Why are we wasting so much stuff?

May 30 2018
Why are we wasting so much stuff?

WHY ARE we still throwing away furniture, toys and bicycles which other people would love to get their hands on?

And why are our landfill sites still piling high with items of all kinds that really don’t need to be buried?

In  an effort to make us all think more about what is really rubbish and which objects really deserve to be saved for someone else to use, Bristol Waste gave the Voice a preview of some of the treasures that are taken to household waste centres or put out with the bins.

Many will be amazed that so much useful stuff is being discarded. Second-hand furniture stores would love to get their hands on some of the armchairs, an ornate dresser, stacks of chairs and coffee tables and a tea trolley – just some of the items selected from the dozens which have been brought in to the council’s refuse recycling centre at Days Road, St Philips, and a smaller centre at Avonmouth.   

A selection of the furniture will be on sale at the council’s waste centre in Albert Road, St Philips, on Saturday June 23.

“We want to get more people thinking about reusing some of the stuff they throw away,” said Emma Williams, marketing officer for Bristol Waste.

“We have been collecting some really good quality wooden furniture, as well as bikes and mobility aids,” she said.

Bicycles are passed to one of three Bristol bike repair schemes including Bristol Bike Project.



Tom Walton, manager of the two council recycling centres and the Albert Road waste transfer station, said: “It’s not just about getting people to bring their their stuff here, it’s about thinking if someone could use it. You could advertise it on social media, or give it to a charity shop.

“Most charities don’t take electrical goods. But you can put small electrical items out with your recycling, and bring larger ones here.

“You would be amazed what people get rid of – they even bring in working widescreen TVs after they have bought a new one!”



Quality used furniture which has been given to Bristol Waste will be on sale at the Albert Road waste centre in St Philips from 10am-12 noon on Saturday July 23.

Furniture in decent condition includes coffee tables, lots of chairs, cabinets, cupboards and armchairs.

Visitors will also be encouraged to think about finding a new use or a new owner for unwanted items before throwing them away.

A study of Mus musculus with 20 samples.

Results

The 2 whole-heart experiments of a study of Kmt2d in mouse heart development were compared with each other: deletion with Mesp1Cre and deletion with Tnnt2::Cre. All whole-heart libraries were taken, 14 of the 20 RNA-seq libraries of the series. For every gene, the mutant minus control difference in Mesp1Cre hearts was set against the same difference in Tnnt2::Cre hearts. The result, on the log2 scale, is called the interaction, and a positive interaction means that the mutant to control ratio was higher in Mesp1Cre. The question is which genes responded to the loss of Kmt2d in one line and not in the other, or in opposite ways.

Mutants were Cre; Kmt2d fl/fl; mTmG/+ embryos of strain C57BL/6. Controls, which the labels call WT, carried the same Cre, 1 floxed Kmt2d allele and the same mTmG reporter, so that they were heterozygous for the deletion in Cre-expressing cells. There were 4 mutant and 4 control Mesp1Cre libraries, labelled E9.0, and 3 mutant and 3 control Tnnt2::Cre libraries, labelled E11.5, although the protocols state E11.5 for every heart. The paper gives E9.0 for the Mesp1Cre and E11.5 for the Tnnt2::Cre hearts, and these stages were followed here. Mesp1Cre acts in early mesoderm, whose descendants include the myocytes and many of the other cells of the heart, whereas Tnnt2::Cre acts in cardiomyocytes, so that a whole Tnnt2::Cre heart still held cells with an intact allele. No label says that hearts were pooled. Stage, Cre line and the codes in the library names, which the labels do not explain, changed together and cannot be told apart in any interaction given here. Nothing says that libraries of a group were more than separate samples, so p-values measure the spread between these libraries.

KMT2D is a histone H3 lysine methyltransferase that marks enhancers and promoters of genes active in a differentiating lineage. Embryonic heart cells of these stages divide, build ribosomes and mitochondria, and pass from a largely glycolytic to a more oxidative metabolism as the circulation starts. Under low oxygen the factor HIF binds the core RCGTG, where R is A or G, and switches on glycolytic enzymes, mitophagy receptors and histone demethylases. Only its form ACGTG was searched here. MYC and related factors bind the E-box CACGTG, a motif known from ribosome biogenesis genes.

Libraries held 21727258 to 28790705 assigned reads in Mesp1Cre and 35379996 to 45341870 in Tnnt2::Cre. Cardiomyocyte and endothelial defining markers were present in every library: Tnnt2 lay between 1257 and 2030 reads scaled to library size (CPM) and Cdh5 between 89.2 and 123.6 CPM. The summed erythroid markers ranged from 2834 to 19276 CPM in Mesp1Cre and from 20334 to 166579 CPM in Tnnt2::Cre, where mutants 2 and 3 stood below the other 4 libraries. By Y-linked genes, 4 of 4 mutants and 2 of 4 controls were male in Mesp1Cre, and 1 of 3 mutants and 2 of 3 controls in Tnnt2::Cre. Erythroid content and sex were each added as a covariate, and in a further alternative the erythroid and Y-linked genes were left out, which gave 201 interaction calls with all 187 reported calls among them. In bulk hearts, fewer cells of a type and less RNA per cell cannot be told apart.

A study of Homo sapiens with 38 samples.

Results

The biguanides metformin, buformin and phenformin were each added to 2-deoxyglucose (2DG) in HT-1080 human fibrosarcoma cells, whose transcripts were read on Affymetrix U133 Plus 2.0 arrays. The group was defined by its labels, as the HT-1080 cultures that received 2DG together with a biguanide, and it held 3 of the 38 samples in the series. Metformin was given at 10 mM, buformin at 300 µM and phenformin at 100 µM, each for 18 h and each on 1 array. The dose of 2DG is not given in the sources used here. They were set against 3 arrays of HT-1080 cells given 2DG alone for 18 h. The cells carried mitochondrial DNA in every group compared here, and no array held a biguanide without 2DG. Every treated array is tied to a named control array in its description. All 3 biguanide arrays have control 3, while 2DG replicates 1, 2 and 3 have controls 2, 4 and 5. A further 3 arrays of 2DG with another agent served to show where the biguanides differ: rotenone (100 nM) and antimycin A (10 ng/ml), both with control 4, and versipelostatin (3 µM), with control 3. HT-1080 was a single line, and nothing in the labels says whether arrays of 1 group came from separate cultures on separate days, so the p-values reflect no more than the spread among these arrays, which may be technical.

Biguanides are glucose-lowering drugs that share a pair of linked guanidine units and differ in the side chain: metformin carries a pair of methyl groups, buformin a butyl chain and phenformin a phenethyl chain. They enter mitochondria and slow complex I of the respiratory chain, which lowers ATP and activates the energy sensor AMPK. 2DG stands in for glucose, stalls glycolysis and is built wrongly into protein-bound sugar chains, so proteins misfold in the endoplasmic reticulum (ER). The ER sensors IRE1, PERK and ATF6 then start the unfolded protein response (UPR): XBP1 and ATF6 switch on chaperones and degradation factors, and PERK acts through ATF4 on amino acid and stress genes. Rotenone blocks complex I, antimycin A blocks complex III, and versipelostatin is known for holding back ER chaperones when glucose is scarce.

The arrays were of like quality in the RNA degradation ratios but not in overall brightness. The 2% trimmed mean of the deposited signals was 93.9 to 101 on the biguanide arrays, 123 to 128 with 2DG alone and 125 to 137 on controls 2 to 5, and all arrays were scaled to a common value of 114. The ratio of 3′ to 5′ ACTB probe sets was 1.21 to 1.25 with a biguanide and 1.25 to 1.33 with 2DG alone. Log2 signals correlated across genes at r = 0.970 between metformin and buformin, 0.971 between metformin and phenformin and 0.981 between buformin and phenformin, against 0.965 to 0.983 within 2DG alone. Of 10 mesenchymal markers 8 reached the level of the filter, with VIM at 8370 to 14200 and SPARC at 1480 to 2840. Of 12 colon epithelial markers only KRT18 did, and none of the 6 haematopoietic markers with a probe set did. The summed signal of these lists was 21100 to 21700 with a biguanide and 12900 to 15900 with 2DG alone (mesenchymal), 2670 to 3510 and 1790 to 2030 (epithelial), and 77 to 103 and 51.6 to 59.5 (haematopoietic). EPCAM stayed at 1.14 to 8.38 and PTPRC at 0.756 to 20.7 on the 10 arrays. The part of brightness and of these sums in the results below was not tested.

The money raised will help support the Bristol Reuse Network.



(and find reused treasures)






Bristol-based French upcycler Delphine Briere has turned scavenging into a profitable business.

She makes upcycled jewellery and accessories out of rubbish, using things like unwanted fabric, cutlery, clocks and even old drinks cans.

“I don’t do anything to the materials. I find cutlery with beautiful designs, cut the part that I want, such as the handle, and make a pair of earrings with it. The material is just so beautiful by itself – I am just giving it a new purpose.” she said. “People often miss the creative potential of materials.Recycling is not just a green thing to do. It’s also a big business. In my work I just want to reveal the unexpected beauty of materials and show to people that they could have great fun making things themselves and at the same time recycling their waste!”




The Makershed in St Paul's offers workshops and courses in woodworking, upholstery, upcycling or DIY – especially useful for turning battered furniture into useable items. It welcomes complete beginners and more seasoned makers alike.


The Bristol Women’s Workshop offers courses in woodwork for women in Wells Road, Totterdown. Facebook: Bristolwomensworkshop

The Bristol Reuse Network is a group of organisations who promote re-use and stop materials being thrown away, and find uses for them. This includes used clothing, waste resources from businesses reused for children's play, unwanted wood, household items  and surplus food catering. 


 Captions: Pedal power: Tom Walton, operations manager of Bristol Waste’s two household recycling centres and the Albert Road waste transfer site, shows off some of the great stuff that’s thrown away


We can use it! Members of the Bristol Reuse Network steering group with furniture and bikes collected by Bristol Waste. Rear from left, Joanna Dainton, Bristol Waste community engagement officer, Lawrence from Bristol’s Tantric Field, Fern from Maker Shed, Ellen Jones of Bristol Waste, James from Bristol Bike Project, and Delphine who upcycles under the name Phipholle.